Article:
Slim skater jeans are made to fit snugly at the waist and be slim along the legs, calves and ankles. Male and female derivatives of slim jeans are nearly identical, though the crotch is typically looser in male versions. Slim skater jeans have an advantage over loose jeans because there is a much lower chance they will get caught on a rail or anything else, which can reduce the odds of falling. One disadvantage is that riding can be uncomfortable and doing tricks will be much harder if the slim jeans aren't flexible.
Baggy skater jeans usually hang low on the waist and have spacious legs. Male versions tend to be baggier than female versions. The advantage that baggy jeans have over skinny jeans is that they tend to be more comfortable and easier to move in. The downside is that, if the waist is too baggy, they can fall off and increase the odds of tripping when doing tricks.
In terms of style, thinner skater jeans tend to be the popular definition of skater style in 2011, though thicker jeans are often more useful when riding. This is because every skater is going to fall at least once. Thinner jeans have a higher chance of ripping, while thick jeans are usually more durable and will only be scuffed and scratched. At the same time, rips and scuffs are looked at as badges of honor and also are part of the skater style.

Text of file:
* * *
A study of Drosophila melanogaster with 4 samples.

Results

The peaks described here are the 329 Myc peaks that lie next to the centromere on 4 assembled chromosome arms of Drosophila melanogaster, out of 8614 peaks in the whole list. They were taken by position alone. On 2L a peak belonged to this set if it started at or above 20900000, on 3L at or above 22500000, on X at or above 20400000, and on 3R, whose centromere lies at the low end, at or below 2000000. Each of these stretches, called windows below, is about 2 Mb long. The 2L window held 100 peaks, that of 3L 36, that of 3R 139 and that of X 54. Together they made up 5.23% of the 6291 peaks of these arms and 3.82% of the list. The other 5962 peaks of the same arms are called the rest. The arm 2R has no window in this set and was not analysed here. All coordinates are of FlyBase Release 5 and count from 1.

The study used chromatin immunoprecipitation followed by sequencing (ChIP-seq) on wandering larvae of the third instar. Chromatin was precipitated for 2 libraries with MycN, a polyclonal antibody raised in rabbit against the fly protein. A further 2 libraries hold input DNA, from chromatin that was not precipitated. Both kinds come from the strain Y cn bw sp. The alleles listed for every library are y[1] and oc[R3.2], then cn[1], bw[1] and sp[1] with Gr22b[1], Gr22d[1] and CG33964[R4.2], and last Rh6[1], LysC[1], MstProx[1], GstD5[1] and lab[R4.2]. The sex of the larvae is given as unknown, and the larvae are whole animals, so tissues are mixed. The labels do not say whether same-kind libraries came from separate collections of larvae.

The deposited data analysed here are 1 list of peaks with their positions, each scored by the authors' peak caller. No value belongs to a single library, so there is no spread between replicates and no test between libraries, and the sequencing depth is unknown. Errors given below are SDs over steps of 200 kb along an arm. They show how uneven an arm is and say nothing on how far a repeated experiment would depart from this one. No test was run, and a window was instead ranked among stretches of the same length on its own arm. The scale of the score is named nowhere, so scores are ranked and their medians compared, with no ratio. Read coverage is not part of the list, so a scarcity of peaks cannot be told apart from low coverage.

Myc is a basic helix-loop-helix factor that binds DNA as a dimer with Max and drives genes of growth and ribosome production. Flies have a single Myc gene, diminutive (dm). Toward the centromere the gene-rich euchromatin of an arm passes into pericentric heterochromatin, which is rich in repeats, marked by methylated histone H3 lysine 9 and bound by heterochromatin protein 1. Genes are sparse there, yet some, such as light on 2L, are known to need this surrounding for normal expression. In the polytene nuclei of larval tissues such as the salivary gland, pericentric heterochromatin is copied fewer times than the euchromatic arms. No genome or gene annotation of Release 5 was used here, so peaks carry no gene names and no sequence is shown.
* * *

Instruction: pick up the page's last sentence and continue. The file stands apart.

Despite scuffs on jeans being a badge of honor, some skaters prefer to wear so-called clean skater jeans. When a pair rips or gets dirty in the course of riding, some skaters throw them away and buy a new pair. Like everything else with skater jeans, this is a matter of personal preference.
Some skaters wear patches, either ironing or sewing them onto their skater jeans. These patches are usually from their favorite skate brand or skater. Such patches may be functional, but they often are just about style. Patches aren't as common in skater style as they are in other styles but, again, skate style is all about personal preference.
My son used to come home with ripped or destroyed jeans after skating at the local park. I wanted him to be happy, but replacing those blue jeans was getting expensive. I was glad to find this article when I was looking for a solution to the problem. I had never heard of skater jeans before, but I found some at a store in the mall and he picked out a few pairs.
He doesn't wear them all the time, but he does put them on if he plans on doing some tricks at the park after school. He doesn't tear them up anymore, and he says they actually help him do some tricks better.
I remember watching a male figure skater doing a routine while wearing blue jeans, and I wondered how he was able to perform all of those leaps and splits in them. Most of the jeans I wear don't have much "give" in the crotch area. I would have ripped those jeans wide open if I tried any of those moves.
I noticed later that those were skater jeans he was wearing. They just looked like regular skinny jeans, but they had an extra gusset sewn into the seat and crotch. If he did a split or kick, the jeans didn't bind up. Many martial artists wear those jeans, too.